Academic peer review can't be counted on
David Berri is a big believer in peer review.
Berri, of course, is one of the economist co-authors of "The Wages of Wins," a book that has had its share of rave reviews, and also its share of criticism.
On the positive side, writer Malcolm Gladwell famously lauded the book in a New Yorker review, and fellow sports economist J.C. Bradbury was similarly praiseful in an academic review. But there were critical reviews from Roland Beech and myself, and critiques of the book's methodology and conclusions appeared in (among other places) an APBRmetrics forum and King Kaufman's column in Salon.
And that's where peer review comes in.
In a recent post on his blog, Berri makes the specific point that his critics have not been peer-reviewed, which is why he is skeptical of the points they make.
"Ultimately it is the research in academic forums that we take seriously, and we often are quite skeptical of findings that have not been exposed to this peer review process ... The route those who disagree must follow is ultimatly the same academic route as everyone else. He or she will have to demonstrate that they have empirical evidence that comes to a different conclusion. And this empirical evidence would be submitted to a peer review process before it could be published in an academic forum."
And, earlier this year, in a response to Beech's review, he and his co-authors wrote,
"Had [Beech's] review simply appeared on his website ... we would have been inclined to either ignore his comments or respond on our own website ...
"In the end it is easy to sit back and make claims on a website. There is no peer review process. No one will refuse to publish your work because you misstate facts or fail to provide any evidence at all or because your evidence does not support your claims. In an academic setting, one expects a higher standard."
But, is academic peer review really a higher standard? I'm not so sure. Certainly academia is well-versed in the complex statistical techniques some of these studies use. But many of the academic papers I've reviewed in this blog over the last few months nonetheless have serious flaws, flaws large enough to cast doubt over the studies' conclusions. These papers were all peer-reviewed, and all made it to respected journals, without those flaws being spotted.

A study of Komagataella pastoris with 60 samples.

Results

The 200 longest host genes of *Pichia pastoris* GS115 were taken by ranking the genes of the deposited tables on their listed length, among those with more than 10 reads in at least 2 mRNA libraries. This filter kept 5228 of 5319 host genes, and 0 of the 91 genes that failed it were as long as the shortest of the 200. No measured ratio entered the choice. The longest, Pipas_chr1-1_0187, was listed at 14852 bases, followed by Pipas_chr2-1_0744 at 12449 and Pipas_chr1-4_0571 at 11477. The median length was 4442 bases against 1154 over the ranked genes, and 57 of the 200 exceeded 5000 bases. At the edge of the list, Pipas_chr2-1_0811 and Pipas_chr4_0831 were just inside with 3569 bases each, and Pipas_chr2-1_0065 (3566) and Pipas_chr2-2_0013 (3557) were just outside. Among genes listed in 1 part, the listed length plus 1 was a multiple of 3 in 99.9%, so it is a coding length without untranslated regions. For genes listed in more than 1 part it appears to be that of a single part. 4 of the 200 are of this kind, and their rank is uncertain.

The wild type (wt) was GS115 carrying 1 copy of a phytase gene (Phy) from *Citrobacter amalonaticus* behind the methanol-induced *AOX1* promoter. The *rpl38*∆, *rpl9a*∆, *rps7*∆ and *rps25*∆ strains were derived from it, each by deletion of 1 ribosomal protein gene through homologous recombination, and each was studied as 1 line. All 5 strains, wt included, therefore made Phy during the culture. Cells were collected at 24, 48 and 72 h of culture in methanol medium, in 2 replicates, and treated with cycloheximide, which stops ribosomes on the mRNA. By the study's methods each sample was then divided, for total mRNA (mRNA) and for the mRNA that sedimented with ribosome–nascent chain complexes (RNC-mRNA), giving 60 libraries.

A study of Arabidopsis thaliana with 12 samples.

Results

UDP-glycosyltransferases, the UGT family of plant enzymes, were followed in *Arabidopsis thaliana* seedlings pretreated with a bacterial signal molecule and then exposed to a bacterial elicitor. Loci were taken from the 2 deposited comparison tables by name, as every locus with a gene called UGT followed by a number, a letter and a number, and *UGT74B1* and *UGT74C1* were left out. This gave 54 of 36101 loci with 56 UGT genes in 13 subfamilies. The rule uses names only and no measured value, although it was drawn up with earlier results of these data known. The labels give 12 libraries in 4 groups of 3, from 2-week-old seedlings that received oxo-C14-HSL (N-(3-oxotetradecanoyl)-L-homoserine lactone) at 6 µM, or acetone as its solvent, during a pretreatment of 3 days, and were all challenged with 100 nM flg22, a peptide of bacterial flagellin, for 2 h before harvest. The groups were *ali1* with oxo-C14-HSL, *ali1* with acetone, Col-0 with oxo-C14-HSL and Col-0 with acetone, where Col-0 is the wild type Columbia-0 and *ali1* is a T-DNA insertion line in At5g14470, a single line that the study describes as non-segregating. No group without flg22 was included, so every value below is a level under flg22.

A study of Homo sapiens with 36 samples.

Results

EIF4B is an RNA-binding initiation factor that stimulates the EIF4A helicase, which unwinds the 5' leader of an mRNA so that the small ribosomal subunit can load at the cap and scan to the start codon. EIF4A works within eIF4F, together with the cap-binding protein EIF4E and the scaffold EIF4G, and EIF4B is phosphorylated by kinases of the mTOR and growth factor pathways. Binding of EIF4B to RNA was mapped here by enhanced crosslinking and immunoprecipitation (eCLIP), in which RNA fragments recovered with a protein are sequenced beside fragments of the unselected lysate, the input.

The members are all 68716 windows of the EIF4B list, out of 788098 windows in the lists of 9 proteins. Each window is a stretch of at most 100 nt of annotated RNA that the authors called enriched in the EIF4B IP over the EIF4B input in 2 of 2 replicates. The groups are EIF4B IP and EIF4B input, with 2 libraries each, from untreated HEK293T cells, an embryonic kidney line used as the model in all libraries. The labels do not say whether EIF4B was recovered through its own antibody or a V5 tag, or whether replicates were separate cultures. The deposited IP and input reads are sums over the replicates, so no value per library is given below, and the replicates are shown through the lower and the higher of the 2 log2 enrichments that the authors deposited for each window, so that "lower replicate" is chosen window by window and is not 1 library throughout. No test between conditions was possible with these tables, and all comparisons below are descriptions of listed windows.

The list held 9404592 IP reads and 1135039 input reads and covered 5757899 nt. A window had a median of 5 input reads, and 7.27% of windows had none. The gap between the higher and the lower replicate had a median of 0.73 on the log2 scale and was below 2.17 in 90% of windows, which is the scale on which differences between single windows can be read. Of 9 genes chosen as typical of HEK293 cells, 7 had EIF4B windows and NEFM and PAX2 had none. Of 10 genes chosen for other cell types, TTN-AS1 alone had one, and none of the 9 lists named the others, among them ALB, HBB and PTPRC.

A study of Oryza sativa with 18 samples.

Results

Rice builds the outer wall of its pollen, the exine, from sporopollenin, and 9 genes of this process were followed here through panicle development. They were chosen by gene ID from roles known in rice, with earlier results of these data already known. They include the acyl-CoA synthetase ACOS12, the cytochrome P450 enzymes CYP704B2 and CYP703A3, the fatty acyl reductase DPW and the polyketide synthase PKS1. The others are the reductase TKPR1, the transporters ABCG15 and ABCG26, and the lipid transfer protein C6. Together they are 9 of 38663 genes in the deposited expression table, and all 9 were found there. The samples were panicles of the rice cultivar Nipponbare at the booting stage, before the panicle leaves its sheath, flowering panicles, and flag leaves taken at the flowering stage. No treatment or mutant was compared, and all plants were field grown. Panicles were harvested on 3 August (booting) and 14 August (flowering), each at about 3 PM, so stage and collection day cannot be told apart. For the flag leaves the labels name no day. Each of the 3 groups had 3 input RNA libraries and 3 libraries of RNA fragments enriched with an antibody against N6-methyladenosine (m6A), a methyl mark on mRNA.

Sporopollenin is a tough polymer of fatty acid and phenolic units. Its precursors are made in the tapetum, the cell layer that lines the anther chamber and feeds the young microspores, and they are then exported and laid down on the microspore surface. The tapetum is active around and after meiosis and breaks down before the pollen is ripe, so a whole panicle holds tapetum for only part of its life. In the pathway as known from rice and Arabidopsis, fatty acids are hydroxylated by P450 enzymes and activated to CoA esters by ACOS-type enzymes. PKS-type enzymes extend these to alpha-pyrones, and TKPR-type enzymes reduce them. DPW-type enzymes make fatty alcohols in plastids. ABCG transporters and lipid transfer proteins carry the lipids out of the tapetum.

And sometimes they're obvious flaws. In "The Wages of Wins," the authors quote a study (co-authored by Berri) that checks whether basketball players "rise to the occasion" by playing better in the playoffs. After a regression on a bunch of factors, the study finds that players' playoff statistics actually fall relative to regular season performance. "The very best stars ... tended to perform worse when the games mattered most."
But what they failed to recognize was the obvious fact that, in the playoffs, players are facing only the best opponents. So, of course their aggregate performance should be expected to drop.
I looked up the original study (I got it free from my library, but here's a pay link). It's a nine-page peer-reviewed paper, published in a respected journal. It's got 34 references, acknowledgements of help from three colleagues, and it was presented to a room full of economists at an academic conference.
And nobody caught the most obvious reason for the findings. I'd bet that if Berri had posted his findings to any decent amateur sabermetrics website, it would have been pointed out to him pretty quickly.
Another example: a few years back, three economists found that overall league HBP rates were a few percent higher in the AL than the NL. They wrote a paper about it, and concluded that NL pitchers were less likely to hit batters because they would come to bat later and face retribution.
It's an intriguing conclusion, but wrong. It turned out that HBP rates for non-pitchers were roughly the same in both leagues, and the difference was that because NL pitchers hit so poorly, they seldom get plunked.
Think about it. The difference between the AL and NL turned out to be the DH – but no peer reviewer thought of the possibility! I think it's fair to say that wouldn’t happen in the sabermetric community. Again, if you were to post a summary of that paper at, say, Baseball Think Factory, the flaw would be uncovered in, literally, about five minutes.
The point of this is not to criticize these authors for making mistakes – all of us can produce a flawed analysis, or overlook something obvious. (I know I have, many times.) The point is that if peer review can't pick up those obvious flaws, it's not doing its job.
So why is academic peer review so poor? As commenter "Guy" writes in a comment to the previous post about a flawed basketball study:
"But this raises a larger issue that we've discussed before, which is the failure of peer review in sports economics. This paper was published in The Journal of Labor Economics, and Berri says it is "One of the best recent articles written in the field of sports economics." Yet the error you describe [in the post] is so large and so fundamental that we can have no confidence at all in the paper's main finding.... How does this paper get published and cited favorably by economists?"
It's a very good question – but if I were an academic sports economist, I wouldn't wait for an answer. If I cared about the quality of my work, I'd continue to consult colleagues before submitting it -- but I'd also make sure I got my paper looked at by as many good amateur sabermetricians I could find. It's good to get published, but it's more important to get it right.